Best Aquaculture Practices Food Safety Facts

November, 2010

Food Safety Priority

Companies within the Best Aquaculture Practices certification program can share with their customers, business partners and consumers that participation in BAP provides assurances that seafood is produced with food safety as the top priority.

BAP audits food safety throughout the aquaculture production process, from hatchery and feed mill to farm and processing plant, which is not done in some certification schemes. In fact, last year, BAP was included in a U.S. Food and Drug Administration pilot study on the use of third-party certification to improve the food safety of imported farmed shrimp.

Following are examples of required compliance for BAP facilities. Facilities found out of compliance are not approved for certification until appropriate corrective actions are implemented.

BAP Farm Standards

All BAP standards examine chemical use and related food safety. In the BAP standards for tilapia farms, Pangasius farms, shrimp farms and channel catfish farms:

  • Due to potential human health hazards, human waste and untreated animal manure cannot enter pond areas. Livestock must be controlled, and runoff from barns and other facilities shall not enter ponds. Domestic sewage must be treated and properly disposed of.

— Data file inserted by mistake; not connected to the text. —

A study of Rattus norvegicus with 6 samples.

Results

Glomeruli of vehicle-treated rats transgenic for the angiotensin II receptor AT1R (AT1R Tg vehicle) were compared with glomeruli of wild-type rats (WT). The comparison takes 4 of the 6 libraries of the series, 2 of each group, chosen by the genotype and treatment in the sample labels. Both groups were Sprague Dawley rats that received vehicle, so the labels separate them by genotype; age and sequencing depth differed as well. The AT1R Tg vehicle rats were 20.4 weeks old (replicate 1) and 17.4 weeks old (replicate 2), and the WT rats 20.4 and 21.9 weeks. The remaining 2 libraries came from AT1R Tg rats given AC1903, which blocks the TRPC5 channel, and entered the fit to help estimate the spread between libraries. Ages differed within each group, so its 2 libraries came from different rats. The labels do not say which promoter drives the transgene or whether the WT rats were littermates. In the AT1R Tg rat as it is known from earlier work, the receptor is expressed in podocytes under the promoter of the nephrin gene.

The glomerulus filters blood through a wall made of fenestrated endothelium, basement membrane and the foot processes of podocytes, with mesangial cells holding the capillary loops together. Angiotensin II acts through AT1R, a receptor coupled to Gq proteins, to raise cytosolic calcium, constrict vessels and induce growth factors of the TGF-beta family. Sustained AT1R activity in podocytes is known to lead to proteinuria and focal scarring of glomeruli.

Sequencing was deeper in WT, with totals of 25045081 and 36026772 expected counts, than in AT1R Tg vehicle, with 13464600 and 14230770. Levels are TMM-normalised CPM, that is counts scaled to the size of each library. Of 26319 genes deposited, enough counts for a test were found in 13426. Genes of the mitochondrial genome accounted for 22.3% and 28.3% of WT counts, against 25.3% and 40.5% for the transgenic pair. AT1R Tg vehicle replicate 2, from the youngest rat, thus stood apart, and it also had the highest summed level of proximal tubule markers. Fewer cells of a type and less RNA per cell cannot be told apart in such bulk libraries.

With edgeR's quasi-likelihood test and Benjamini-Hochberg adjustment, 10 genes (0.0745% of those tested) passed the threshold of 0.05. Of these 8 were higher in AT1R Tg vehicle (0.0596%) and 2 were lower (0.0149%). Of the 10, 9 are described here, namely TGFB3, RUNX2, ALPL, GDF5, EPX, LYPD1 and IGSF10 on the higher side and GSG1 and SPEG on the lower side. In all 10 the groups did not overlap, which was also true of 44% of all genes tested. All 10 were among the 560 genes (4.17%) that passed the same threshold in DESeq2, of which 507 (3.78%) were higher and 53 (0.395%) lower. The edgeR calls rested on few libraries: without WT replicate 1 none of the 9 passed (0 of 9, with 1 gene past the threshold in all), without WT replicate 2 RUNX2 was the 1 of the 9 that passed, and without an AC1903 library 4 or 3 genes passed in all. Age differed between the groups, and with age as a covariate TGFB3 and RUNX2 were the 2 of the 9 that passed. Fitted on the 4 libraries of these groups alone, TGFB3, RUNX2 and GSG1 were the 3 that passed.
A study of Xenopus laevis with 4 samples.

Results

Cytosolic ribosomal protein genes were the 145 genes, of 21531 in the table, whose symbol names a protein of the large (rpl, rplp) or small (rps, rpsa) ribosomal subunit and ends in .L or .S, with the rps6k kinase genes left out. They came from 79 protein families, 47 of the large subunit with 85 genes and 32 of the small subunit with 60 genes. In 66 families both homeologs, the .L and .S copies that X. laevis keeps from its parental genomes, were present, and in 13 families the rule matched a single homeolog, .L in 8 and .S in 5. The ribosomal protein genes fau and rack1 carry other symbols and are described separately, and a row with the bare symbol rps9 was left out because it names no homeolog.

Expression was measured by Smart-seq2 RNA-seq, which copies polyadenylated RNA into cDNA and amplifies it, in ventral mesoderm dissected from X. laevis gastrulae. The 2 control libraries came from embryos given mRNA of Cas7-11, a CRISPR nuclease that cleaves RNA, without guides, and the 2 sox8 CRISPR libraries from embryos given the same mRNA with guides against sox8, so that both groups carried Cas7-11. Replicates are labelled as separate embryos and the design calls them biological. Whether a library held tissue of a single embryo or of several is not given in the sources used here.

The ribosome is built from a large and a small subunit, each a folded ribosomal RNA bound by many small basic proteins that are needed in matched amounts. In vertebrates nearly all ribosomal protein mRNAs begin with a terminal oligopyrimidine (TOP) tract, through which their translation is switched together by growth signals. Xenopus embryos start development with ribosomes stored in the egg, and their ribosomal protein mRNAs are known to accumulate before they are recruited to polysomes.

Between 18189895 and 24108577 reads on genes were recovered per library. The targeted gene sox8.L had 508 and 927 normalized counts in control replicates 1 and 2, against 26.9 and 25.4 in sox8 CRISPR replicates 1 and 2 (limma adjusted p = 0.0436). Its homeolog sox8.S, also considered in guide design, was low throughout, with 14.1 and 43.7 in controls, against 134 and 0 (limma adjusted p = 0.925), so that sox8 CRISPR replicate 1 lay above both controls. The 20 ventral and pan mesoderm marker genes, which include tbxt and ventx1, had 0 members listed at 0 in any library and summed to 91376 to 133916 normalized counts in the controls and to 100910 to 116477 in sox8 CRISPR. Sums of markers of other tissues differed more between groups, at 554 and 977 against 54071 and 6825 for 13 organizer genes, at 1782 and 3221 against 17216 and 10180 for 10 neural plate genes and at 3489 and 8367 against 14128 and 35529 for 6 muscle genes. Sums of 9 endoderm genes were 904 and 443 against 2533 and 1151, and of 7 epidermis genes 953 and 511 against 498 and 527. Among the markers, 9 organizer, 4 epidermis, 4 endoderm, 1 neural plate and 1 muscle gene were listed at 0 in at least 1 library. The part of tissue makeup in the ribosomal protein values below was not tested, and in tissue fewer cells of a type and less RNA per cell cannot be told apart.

• All use of chloramphenicol, nitrofuran antibiotics and malachite green is banned. Antibiotic treatments with approved drugs must be recorded and conducted by a fish health specialist. Then tests for possible harmful drug residues are performed.
  • Hormones may not be given to fish intended for human consumption beyond the hatchery stage.
  • Aquaculture farms may not be sited in locations where previous agriculture activities may have deposited pesticides or heavy metals in the soil and water. Regular area monitoring examines potentially harmful chemical use.
  • Farms must comply with all government environmental regulations for drug use, as well as land and water use.

BAP Plant Standards

  • Seafood processing plants must have current hazard analysis critical control point (HACCP) plans that minimize the risks of food safety hazards by controlling both the production process and the environment in which it takes place.
  • Plants must regularly test seafood for microbiological contamination (e.g., Salmonella) as well as pesticide and drug residues. The detection of positive samples leads to immediate corrective action or loss of certification.
  • In addition, plant HACCP plans must include environmental controls that prevent adulteration of products through rigorous cleaning, sanitizing, exclusion of pests and waste control.
  • To confirm compliance, BAP auditors take physical product samples during site audits that are processed by independent labs to verify in-plant procedures yield expected food safety results.